Rubio secretary of state pick
Marco Rubio on the 2016 campaign trail in Las Vegas.
(Josh Edelson / AFP-Getty Image)

Sen. Marco Rubio faced a defining moment Monday in deciding to backPresident Trump’s pick for secretary of State. Rex Tillerson, all but ensuring the nominee’s confirmation.

Rubio has made no secret of his concerns about the former ExxonMobil executive’s ties with Russia, but he was under enormous pressure not to be the lone Republican holdout against Trump’s choice to be the nation’s top diplomat.

Tillerson’s first test will be Monday as the Foreign Relations Committee votes.

The Florida lawmaker dug in on Tillerson on Monday, but also resolved that Trump should have his choices in the Cabinet.


“While he condemned Russia for ‘supporting Syrian forces that brutally violate the laws of war,’ he refused to publicly acknowledge that Vladimir Putin has committed war crimes. Despite his extensive experience in Russia and his personal relationship with many of its leaders, he claimed he did not have sufficient information to determine whether Putin and his cronies were responsible for ordering the murder of countless dissidents, journalists, and political opponents.”

Still, Rubio argued, he would defer to Trump to put his national security team in place.

“I believe the president is entitled to significant deference when it comes to his choices for the Cabinet,” Rubio said.


Defying Trump would have been risky for Rubio, but could also have been politically beneficial.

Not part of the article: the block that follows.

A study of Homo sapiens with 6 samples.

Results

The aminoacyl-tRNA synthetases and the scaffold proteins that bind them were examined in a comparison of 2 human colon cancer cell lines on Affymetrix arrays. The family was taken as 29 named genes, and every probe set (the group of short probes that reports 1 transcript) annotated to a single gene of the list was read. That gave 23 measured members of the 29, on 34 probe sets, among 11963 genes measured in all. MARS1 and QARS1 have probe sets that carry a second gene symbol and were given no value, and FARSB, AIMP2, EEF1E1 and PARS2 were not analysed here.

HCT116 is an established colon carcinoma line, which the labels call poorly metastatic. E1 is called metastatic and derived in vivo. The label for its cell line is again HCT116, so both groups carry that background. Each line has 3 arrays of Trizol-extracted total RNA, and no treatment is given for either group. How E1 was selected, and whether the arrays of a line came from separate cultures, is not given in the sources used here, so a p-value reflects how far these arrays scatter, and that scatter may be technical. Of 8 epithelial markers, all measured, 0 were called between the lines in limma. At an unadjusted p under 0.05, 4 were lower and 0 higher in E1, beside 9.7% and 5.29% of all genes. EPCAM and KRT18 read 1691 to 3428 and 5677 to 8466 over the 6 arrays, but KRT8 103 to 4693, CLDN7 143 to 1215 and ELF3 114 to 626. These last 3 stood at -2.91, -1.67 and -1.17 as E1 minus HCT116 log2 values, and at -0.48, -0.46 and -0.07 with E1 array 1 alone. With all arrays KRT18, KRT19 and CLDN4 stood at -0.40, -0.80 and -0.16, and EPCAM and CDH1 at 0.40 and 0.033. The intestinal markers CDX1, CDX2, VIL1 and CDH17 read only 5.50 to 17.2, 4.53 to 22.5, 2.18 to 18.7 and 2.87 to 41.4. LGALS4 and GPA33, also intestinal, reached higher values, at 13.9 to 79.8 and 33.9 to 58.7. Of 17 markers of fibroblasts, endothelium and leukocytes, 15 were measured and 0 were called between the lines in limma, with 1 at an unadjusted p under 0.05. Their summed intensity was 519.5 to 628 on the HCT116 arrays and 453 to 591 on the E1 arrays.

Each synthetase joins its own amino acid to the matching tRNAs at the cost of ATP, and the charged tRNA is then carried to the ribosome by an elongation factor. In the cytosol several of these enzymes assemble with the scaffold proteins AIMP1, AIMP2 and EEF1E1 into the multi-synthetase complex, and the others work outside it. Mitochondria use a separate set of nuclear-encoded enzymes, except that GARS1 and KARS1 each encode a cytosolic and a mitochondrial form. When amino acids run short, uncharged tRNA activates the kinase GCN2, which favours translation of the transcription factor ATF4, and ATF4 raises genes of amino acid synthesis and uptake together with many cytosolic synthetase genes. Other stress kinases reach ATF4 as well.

Rubio’s profile is poised to rise in the Trump era as a new-generation leader of a Republican Party that remains deeply divided over the president.

For many anti-Trump Republicans, the senator’s failed 2016 presidential bid stands as a stark reminder of what could have been.

His vote on Tillerson was additionally fraught because part of Rubio’s political appeal lies in his growing expertise in foreign affairs and national security. He has positioned himself as a counter to Trump’s untested"America first” policy.

Standing alone, though, would have come at a cost. Trump has shown he does not welcome detractors and, in fact, holds grudges against them. Prominent Republicans have reportedly been hammering Rubio with the hard sell.

Rubio is no stranger to pressure from political higher-ups. He was strongly encouraged to seek reelection to the Senate if he ever hoped to run for president again -- even though he had already announced he was leaving Congress. GOP leaders at the time were worried his Florida seat could fall to Democrats if he retired.